A worrying number of young people who do use condoms don't use them correctly, so risking unwanted pregnancy or infections, reveals research published ahead of print in the journal Sexually Transmitted Infections. But a good relationship with their mothers seemed to be associated with correct condom use, the research showed.
Fossils of a new hoofed mammal that resembles a cross between a dog and a hare which once roamed the Andes Mountains in southern Bolivia around 13 million years ago was discovered by Darin A. Croft, assistant professor of anatomy at the Case Western Reserve University School of Medicine and a research associate at the Cleveland Museum of Natural History.
New research suggests that men feel pressure to have muscular bodies, and that influence can lead some to symptoms of eating disorders, pressure to use steroids, and an unhealthy preoccupation with weightlifting.
"Instead of seeing a decrease in objectification of women in society, there has just been an increase in the objectification of men. And you can see that in the media today," she said.
Songbirds use multiple sources of directional cues to guide their seasonal migrations, including the Sun, star patterns, the earth's magnetic field, and sky polarized light patterns. To avoid navigational errors as cue availability changes with time of day and weather conditions, these "compass" systems must be calibrated to a common reference. Experiments over the last 30 years have failed to resolve the fundamental question of how migratory birds integrate multiple sources of directional information into a coherent navigational system.
Last autumn, Rachel Muheim, a postdoctoral associate in biology professor John Phillips' lab at Virginia Tech, captured Savannah sparrows in the Yukon before they headed south. She was able to demonstrate that the birds calibrate their magnetic compass based on polarized light patterns at sunset and sunrise.
Polarized light is light that oscillates in one plane relative to the direction of propagation. At sunrise and sunset, there is a band of intense polarized light 90 degrees from the sun that passes directly overhead through the zenith and intersects the horizon 90 degrees to the right and left of the sun. Just as the sun location changes with latitude and the time of year, so does the alignment of the band of polarized light.
Muheim and Phillips argue that migratory songbirds average the sunrise and sunset intersections of the polarization band with the horizon to find the north-south meridian (geographic north-south axis), providing a reference that is independent of time of year and latitude. The birds then use this geographic reference to calibrate their other compass systems.
In other words, polarized light, the Sun and stars, and the geomagnetic field are all directional cues for migration, but polarized light appears to provide the primary reference system used to calibrate the other compass systems, said Phillips.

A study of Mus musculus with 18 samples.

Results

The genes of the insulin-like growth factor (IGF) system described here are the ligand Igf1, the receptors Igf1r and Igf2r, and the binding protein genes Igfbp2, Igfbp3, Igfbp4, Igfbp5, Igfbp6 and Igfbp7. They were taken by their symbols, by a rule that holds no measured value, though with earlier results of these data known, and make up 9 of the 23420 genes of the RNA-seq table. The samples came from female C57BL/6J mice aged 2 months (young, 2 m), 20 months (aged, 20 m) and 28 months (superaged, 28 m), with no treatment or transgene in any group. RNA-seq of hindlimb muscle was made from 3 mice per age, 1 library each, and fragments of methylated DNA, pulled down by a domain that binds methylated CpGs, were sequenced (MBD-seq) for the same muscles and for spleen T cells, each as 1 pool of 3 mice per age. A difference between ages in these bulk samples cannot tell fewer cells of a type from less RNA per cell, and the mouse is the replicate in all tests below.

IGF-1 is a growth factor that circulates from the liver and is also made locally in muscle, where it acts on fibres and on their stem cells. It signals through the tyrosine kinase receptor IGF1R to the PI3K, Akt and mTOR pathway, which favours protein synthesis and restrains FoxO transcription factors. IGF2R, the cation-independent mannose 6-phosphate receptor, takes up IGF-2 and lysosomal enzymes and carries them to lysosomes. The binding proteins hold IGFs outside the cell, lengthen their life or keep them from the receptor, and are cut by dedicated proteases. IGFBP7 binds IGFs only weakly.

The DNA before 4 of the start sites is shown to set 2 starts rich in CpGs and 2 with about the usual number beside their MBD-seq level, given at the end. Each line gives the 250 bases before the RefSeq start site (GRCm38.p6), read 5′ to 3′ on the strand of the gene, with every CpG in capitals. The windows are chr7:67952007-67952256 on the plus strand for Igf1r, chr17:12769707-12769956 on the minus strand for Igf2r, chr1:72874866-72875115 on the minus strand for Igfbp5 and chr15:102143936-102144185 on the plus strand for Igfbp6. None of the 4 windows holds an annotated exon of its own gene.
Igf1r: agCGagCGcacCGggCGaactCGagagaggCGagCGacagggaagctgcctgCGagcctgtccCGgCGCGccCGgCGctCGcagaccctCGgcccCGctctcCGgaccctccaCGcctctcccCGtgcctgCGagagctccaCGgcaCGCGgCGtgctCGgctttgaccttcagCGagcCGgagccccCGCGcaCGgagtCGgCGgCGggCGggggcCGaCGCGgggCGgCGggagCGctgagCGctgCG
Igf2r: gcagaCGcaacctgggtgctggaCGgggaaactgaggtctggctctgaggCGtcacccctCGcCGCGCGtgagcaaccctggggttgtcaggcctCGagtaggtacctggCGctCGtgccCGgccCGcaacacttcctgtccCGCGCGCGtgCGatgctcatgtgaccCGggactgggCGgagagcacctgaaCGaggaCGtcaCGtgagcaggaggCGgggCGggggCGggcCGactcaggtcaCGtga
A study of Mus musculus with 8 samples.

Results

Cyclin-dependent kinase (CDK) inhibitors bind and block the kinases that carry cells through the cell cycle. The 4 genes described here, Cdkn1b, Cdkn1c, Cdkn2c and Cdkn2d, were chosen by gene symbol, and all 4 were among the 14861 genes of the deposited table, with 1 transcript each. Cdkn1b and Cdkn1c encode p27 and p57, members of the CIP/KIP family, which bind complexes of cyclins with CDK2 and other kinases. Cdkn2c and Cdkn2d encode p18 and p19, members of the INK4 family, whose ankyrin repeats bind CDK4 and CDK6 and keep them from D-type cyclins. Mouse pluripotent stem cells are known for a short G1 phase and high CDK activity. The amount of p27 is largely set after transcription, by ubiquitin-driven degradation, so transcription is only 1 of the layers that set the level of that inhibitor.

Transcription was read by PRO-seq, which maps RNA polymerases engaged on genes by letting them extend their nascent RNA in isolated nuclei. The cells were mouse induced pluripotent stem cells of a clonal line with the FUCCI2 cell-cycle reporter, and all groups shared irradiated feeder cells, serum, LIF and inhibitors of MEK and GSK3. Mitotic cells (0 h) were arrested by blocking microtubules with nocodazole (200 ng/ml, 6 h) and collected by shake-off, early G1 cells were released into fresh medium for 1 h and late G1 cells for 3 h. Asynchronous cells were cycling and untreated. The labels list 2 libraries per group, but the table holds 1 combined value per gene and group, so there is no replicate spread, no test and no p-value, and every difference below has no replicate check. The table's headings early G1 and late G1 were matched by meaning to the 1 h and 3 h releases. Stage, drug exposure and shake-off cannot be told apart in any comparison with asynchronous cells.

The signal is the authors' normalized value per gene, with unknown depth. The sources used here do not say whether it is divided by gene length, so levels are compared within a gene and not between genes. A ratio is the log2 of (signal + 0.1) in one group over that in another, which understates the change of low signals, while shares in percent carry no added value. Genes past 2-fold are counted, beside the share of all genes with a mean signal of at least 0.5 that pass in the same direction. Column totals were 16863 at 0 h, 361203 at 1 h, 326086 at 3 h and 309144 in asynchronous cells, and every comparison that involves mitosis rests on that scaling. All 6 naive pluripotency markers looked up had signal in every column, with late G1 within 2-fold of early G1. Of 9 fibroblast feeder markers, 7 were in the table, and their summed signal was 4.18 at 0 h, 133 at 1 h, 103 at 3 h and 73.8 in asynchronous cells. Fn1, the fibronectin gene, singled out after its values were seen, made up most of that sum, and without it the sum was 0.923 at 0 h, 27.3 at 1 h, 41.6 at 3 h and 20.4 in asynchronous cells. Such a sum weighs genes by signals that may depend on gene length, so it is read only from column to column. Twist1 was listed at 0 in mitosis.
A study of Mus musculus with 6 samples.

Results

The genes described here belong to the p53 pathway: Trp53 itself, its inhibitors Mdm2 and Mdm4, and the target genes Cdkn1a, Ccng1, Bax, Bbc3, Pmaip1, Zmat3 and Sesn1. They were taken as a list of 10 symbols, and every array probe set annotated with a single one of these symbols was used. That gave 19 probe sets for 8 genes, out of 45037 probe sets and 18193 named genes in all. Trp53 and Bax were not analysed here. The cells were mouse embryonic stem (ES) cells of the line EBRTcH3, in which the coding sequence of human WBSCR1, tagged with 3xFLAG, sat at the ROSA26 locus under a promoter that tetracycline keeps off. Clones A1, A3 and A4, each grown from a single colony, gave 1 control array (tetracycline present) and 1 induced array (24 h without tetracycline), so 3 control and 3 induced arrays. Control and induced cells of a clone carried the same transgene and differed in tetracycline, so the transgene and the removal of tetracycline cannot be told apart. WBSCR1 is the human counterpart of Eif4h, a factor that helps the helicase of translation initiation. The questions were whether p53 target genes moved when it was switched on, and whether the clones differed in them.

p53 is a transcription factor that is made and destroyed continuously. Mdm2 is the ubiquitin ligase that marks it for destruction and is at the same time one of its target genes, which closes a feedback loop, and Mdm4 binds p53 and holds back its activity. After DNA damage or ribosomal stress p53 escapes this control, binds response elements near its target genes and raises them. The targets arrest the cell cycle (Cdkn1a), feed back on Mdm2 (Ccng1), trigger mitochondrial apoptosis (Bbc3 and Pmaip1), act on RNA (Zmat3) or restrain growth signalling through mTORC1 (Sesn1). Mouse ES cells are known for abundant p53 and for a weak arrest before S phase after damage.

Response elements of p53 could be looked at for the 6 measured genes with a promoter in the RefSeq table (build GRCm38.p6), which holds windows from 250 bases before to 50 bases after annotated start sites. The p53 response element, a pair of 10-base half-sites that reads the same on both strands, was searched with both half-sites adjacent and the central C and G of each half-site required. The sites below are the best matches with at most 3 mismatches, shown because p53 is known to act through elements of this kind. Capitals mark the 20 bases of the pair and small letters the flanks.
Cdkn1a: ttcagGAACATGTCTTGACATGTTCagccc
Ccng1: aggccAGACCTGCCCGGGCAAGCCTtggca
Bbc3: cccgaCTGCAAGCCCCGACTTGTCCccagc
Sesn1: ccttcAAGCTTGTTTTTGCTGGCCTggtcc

However, previous research had suggested a much more confusing picture.
Migratory birds are born with an innate magnetic compass preference that coincides with their species' migratory direction. Previous research suggested that before the migration period, songbirds are able to recalibrate the magnetic compass when exposed to a "conflict" between magnetic and celestial (including polarized light) cues, but during migration it appeared that the reverse was true, -- the magnetic field was used as the primary reference for calibrating the birds' other compass systems. But in a few experiments with birds during migration, the birds did recalibrate the magnetic compass.
When Muheim and Phillips did a literature review, they noticed a difference between the experiments of the few scientists who saw migratory birds recalibrate their compass and of those whose birds failed to recalibrate.
"It is important how you do the experiments. It turns out that the part of the sky that matters is just above the horizon," said Phillips. "In cue conflict experiments carried out before migration, birds were usually housed in outdoor aviaries in a rotated magnetic field, where they had a view of the whole sky, including the horizon. Once migration starts, however, scientists usually exposed birds in "funnel cages". This is so, after exposure to the cue conflict, the birds' directional preferences could be recorded; songbirds in migratory condition leave tracks or scratches on the sides of the funnel as they attempt to take flight in the migratory direction. A problem arises, however, because funnels block the lower 20 degrees of the sky. In the only two experiments (out of 30 or so) carried out during migration where birds were exposed to the cue conflict with a view of the horizon, they did recalibrate their magnetic compass -- just as was previously observed only in experiments carried out prior to migration."
Muheim's experiments proved that seeing polarized light cues near the horizon was the critical factor. "Once the right hypothesis came along, it all fit," said Phillips.
First, thanks for picking from Science Daily; too much good stuff for me to monitor.
How does light from the sun get polarized like this?
Rayleigh scattering --- which is where skylight comes from (in a vacuum, the sky would be dark even in daytime, except for the sun itself) --- is polarization-dependent. So the blue light that reaches you ends up having a polarization that depends on where the light was scattered from (where the sun is in the sky).